The country’s biggest mall REIT, Simon Property Group, may be angling to buy smaller competitor Macerich, industry insiders say. The move would allow Simon to grow at a time when opportunities for new mall development remain few and far between.
On Nov. 19, Simon revealed that over the course of the previous 11 months it had bought 5.71 million common shares of Macerich, equal to a 3.6 percent stake in the company. Simon executives are also considering asking Macerich to waive its excess share provision, which caps share ownership at 5 percent, the company disclosed. Macerich has previously approved the acquisition of 10.9 percent of its shares by another investor.
At the end of the day Wednesday, Macerich shares were trading at $76.91, near the company’s 52-week high of $79.43 per share.
“It certainly appears that Simon could be interested in acquiring Macerich and it’s a way to strike up that dialogue,” says Jason Lail, senior research analyst with SNL Financial, a Charlottesville, Va.-based research firm. “The portfolios are certainly complementary—Macerich focuses on class-A malls in some of the same markets as Simon, giving Simon a lot of additional exposure” in cities such as Phoenix.
Speculation that Simon may be looking to buy a rival mall owner is not entirely unexpected, given that the market currently offers limited opportunities for regional mall REITs to grow. With its portfolio occupancy already in the high 90 percent range and low same-store sales growth, Simon doesn’t have much leeway for a drastic improvement in property fundamentals. Growth through property-level acquisitions remains challenging, as few class-A malls are being put on the market. Simon does have several new outlet centers in the works, but regional mall development, its bread-and-butter, is expected to be almost non-existent for the foreseeable future.
“Net new mall supply will likely be negative for the next several years as more malls will close rather than open,” according to an Oct. 22 note from Green Street Advisors, a Newport Beach, Calif.-based research firm.
“The bottom line comes down to ‘they are just not building,’” says Todd Sullivan, general partner with Westborough, Mass.-based Rand Strategic Partners and author of the blog Value Plays. “And for Simon, it makes more sense to buy one of these smaller players than go out and build one or two malls from scratch.”
The right fit?
After Simon spun off its smaller malls and shopping centers into Washington Prime Group earlier this year, drastically reducing its size, Sullivan doesn’t anticipate any objections from the Federal Trade Commission to a potential merger with Macerich.
A more pressing concern may be that the Macerich mall portfolio is somewhat of a mixed bag, compared to Simon’s properties, which tend to be some of the best performing malls in the country. For the third quarter, ended Sept. 30, Simon reported occupancy of 96.9 percent and sales of $613 per sq. ft. for its mall and premium outlets portfolio. Simon currently owns 112 regional malls, 68 premium outlets, 13 Mills properties and 15 other shopping centers in the United States and Puerto Rico.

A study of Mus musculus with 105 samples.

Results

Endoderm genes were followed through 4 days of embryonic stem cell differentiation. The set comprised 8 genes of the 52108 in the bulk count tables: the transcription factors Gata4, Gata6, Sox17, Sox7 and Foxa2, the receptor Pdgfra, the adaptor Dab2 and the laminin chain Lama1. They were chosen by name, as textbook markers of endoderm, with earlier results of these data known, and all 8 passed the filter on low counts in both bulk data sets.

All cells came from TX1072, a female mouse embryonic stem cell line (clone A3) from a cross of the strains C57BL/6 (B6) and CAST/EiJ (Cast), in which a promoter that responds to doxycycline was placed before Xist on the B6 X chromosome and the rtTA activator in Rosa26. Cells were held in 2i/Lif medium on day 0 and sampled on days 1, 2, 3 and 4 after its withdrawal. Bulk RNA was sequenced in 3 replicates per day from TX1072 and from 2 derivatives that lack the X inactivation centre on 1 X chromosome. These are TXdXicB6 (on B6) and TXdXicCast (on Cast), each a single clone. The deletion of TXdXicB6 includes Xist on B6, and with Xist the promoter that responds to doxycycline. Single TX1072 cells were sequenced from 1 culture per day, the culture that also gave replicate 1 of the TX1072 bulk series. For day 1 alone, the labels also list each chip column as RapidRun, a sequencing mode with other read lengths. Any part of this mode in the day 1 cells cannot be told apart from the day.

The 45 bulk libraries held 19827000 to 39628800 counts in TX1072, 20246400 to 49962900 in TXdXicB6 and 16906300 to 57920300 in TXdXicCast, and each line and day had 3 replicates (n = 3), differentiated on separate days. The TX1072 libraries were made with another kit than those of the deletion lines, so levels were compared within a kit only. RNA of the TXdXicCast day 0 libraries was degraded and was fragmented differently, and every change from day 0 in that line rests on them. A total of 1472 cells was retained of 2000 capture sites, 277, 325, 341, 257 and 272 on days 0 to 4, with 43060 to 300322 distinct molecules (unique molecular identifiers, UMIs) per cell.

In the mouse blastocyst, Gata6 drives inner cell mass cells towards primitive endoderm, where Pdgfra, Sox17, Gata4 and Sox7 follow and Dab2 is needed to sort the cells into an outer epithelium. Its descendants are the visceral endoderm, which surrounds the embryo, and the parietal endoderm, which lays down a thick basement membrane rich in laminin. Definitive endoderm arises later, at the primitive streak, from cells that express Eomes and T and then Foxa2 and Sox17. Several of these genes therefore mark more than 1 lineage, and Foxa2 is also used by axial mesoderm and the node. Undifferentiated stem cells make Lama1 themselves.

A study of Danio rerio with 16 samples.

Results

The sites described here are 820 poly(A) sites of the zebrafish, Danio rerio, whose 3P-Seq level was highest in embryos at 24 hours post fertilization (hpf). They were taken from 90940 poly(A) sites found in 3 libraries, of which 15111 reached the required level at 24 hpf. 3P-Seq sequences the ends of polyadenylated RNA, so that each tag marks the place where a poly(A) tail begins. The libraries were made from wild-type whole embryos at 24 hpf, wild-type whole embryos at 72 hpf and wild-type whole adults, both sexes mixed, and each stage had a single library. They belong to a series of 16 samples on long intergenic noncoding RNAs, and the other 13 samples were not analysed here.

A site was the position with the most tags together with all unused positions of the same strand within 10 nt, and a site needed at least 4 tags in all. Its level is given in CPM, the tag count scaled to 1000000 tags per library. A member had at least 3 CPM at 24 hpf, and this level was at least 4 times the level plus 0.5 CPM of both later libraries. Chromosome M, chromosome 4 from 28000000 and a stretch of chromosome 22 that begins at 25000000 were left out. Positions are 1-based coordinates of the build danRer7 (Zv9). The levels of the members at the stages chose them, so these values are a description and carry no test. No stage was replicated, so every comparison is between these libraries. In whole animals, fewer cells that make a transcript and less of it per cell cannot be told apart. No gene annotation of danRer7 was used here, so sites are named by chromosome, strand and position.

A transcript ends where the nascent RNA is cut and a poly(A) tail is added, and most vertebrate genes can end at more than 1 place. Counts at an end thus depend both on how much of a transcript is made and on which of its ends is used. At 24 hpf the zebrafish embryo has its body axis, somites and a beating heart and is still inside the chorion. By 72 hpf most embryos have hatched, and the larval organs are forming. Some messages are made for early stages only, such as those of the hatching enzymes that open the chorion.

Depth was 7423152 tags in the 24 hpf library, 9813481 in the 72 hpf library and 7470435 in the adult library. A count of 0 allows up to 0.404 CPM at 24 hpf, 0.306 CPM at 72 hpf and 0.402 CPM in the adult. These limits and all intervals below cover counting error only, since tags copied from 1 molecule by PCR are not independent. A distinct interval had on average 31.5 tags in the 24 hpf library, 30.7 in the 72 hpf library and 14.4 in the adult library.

During the same quarter, Macerich, which owns 52 malls, reported occupancy of 95.6 percent and sales per sq. ft. of $571.
Recently, however, Macerich has been diligently improving its portfolio. The REIT’s initiative to dispose of lower quality malls has been largely completed, according to a Nov. 2 note by RBC Capital Markets analyst Rich Moore. (The company may yet decide to sell another 12 properties it considers non-core, Moore adds). NOI growth on its top 40 assets has reached 4.1 percent year-to-date and will likely average between 3 percent and 4 percent in the next few years. Macerich boasts a sizeable development and redevelopment pipeline, with $1 billion in projects underway and another $230 million scheduled for the future.
In addition, on Nov. 17, the company revealed it bought out its joint venture partner in five high-profile superregional malls, including Queens Center in New York City, Washington Square in Portland, Los Cerritos Center in Cerritos, Calif., Stonewood Center in Downey, Calif., and Lakewood Center in Lakewood, Calif.
“Macerich’s much improved portfolio appears very well positioned for sustained NOI growth,” Moore writes. “At the same time, the company’s external growth pipeline already includes a number of large developments and redevelopments, along with additional projects announced on a regular basis.”
It’s also worth noting that Macerich boasts a much cleaner balance sheet than most REITs in the regional mall sector, with a debt to overall market cap ratio of 33 percent, compared to the sector average of 43 percent, adds Lail. “I think their performance is indicative of a strong, well-managed portfolio,” he says.
In Sullivan’s view, at least half of Macerich’s existing assets should fit seamlessly with the Simon portfolio, while Simon may choose to either spin off or dispose of the lower-quality centers.
“Absent construction of new properties, the only way to grow is to acquire,” he notes. “So then it’s a question of ‘How do we maximize our portfolio and do it in a way that’s financially prudent?’ Even if Simon did purchase the rest of Macerich, I am certain they would immediately divest the lower quality malls and move on to the next potential seller. This is really the only way to go.”